Location: Williamsburg, VA
29 posts, read 65,479 times

What I need to know how people refer to the area they live in (e.g. when going from a place to another, when referring to they area they live in, when selling/buying a house, when dealing with the local authorities for taxes, and so on).
For example, if you live outside of a city, in a unincorporated area, what do you call your area? Do you refer to zip codes, landmarks, something else? What is it?

I would appreciate it greatly if you could clear some of this stuff for me. And I hope I made myself understood.


California Zip Code Boundary Map (CA) - zip code map of California
Location: Mokelumne Hill, CA & El Pescadero, BCS MX.
6,958 posts, read 19,173,053 times
Reputation: 6383
CA has incorporated cities. If the area is not in an incorporated city, it falls within the jurisdiction of the County. My county has only one incorporated city. It actually is incorporated as the City of Angels, but is known as Angels Camp.

My "town" is Mountain Ranch, it has a zip code. There are outlying areas where the county building department calls the area Mountain Ranch, but the Post Office calls it Mokelumne Hill because that's where the rural mail delivery driver starts her route from.
Location: Southern California
4,427 posts, read 5,295,531 times

Zip codes can not be used to tell where city boundaries are, although phone area codes are used to stereotype people. 818, you live in the valley, 310 you live in the westside of LA, 714, you live in Orange county, 909, you live far from LA.

Landmarks are not used. I hope this helps.
Location: Arvada, CO
13,236 posts, read 24,416,312 times

For example,
I grew up in Home Gardens, which is an unincorporated area/census-designated place in Riverside County. We were served by the Riverside County Sheriff for police protection, and were part of the Riverside County library system. For schools, those west of McKinley St/North of Indiana Ave attended Corona-Norco USD schools (which cover most of those two cities and their nearby unincorporated areas), while those east of McKinley St/South of Indiana Ave attended Alvord USD, which cover the western part of the city of Riverside, the far eastern part of Corona, and nearby unincorporated areas.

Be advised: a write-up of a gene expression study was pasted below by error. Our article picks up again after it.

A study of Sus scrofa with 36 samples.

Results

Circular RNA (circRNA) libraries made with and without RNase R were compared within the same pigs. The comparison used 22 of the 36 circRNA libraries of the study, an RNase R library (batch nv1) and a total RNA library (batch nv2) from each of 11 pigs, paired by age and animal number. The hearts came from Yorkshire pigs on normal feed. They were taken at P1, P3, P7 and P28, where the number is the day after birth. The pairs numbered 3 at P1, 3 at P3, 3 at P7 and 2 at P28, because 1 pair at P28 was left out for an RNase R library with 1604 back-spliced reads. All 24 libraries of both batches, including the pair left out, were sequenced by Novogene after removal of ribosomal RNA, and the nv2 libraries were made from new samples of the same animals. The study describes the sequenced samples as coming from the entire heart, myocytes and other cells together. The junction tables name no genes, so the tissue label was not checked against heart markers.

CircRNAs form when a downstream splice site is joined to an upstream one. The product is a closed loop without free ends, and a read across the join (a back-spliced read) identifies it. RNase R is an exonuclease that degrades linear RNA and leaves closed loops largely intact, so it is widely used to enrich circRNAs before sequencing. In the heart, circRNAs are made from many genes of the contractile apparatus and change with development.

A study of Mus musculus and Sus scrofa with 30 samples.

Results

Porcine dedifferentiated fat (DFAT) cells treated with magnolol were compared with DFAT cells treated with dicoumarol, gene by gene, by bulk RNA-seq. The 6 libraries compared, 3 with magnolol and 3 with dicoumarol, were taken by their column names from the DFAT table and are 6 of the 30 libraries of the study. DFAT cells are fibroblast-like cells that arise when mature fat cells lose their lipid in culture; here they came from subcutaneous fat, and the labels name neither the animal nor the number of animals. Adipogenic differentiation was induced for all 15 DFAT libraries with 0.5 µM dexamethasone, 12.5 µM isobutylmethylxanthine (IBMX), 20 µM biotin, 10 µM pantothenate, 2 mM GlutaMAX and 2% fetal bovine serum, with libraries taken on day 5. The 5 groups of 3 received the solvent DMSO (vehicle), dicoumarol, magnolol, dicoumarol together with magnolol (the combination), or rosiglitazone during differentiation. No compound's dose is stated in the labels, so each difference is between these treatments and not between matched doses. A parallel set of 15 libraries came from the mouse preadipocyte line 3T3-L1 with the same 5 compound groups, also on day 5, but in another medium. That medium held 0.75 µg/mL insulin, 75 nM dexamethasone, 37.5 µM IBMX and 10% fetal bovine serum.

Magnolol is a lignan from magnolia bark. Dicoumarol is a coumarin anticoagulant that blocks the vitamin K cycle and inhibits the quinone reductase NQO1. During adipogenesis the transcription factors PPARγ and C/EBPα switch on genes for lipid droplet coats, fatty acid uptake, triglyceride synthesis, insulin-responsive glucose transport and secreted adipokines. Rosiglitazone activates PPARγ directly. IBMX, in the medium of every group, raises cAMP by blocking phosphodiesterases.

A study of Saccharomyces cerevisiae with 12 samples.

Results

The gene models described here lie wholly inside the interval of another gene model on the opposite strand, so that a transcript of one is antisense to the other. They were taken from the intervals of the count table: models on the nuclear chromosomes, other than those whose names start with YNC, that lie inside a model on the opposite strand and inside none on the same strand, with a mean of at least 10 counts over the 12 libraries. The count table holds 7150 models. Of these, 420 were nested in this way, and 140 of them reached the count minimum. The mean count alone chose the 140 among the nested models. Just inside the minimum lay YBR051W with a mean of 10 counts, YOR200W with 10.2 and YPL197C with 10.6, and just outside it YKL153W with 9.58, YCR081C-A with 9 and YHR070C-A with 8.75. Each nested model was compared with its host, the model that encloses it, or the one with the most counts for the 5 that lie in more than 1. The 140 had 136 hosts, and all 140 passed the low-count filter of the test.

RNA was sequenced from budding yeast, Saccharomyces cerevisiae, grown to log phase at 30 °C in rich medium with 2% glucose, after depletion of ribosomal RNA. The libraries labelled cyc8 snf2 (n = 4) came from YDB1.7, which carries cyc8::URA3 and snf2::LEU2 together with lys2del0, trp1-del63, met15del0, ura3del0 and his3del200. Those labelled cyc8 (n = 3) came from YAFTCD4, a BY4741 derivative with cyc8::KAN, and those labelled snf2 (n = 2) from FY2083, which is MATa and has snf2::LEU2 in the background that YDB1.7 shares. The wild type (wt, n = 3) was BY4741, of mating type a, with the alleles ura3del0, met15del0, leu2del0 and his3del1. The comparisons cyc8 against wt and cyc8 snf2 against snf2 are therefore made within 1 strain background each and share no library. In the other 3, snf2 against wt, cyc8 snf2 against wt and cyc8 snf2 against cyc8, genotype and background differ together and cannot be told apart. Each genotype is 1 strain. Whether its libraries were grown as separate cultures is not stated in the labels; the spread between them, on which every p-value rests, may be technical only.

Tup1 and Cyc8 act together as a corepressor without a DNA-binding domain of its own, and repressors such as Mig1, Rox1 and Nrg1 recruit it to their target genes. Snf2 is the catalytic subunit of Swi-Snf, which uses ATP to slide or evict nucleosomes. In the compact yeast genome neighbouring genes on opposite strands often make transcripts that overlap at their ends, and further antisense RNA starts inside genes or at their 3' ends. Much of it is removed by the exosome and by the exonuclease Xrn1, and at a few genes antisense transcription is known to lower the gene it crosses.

Cities are obviously divided up into neighborhoods as well, which have no governmental basis beyond the cities and counties they are in.

I've also lived in:
the La Sierra neighborhood of the city of Riverside
the Alta Loma neighborhood of the city of Rancho Cucamonga
the Green Acres neighborhood of the city of Ridgecrest.

Do note as well, that cities cannot cross county lines in California as they do in many other states.
Moderator for Los Angeles, The Inland Empire, and the Washington state forums.
Location: Sacramento, Placerville
2,487 posts, read 5,119,559 times

San Francisco County and City is one in the same now. San Francisco expanded and urbanized the entire county. In contrast, Mariposa County doesn't have an incorporated city.

In Fresno County large amount of the population lives with city boundaries. There are urbanized areas immediately outside the city limits, but very little of the population lives in these unincorporated areas.

In Sacramento County about half of the population lives in unincorporated urbanized areas.

Some localities refer to different urbanized areas by city name. Within a city some areas may be referred to by historical names. Often the name of a former post office. For example, the City of West Sacramento was made up of the communities called Bryte, Broderick and Washington, along with some neighborhoods that built up along US-40 on the west side of Sacramento. This area is often called West Capital or Jefferson for the name of the street where former US-40 was located. There is another neighborhood to the south called Southport, named after the Port of Sacramento.

Other locations throughout the state have names originating from former railroad stations, landmarks, and just about anything else you can think of.
112 posts, read 174,039 times
Reputation: 151
You either live in an incorporated or unincorporated area in California. If it is incorporated it is a city within a county. There towns with a name that represent an area (but not incorporated) and also they are not townships. A person might say I live in "Hilldale" and it is an area that is not incorporated. These are usually smaller towns consisting of a few thousand people. This community might have a community service district such as a water system, sewer system, etc but they are not incorporated. Government responsibilities are handled differently between cities and county areas. Police are for cities. The Sheriff has jurisdiction in counties, for example. Property taxes are actually under the jurisdiction of the State of California. The State audits the counties to ensure accurate collection of the taxes. Property taxes are divided between the schools, cities, counties and special districts. The schools take the lion's share.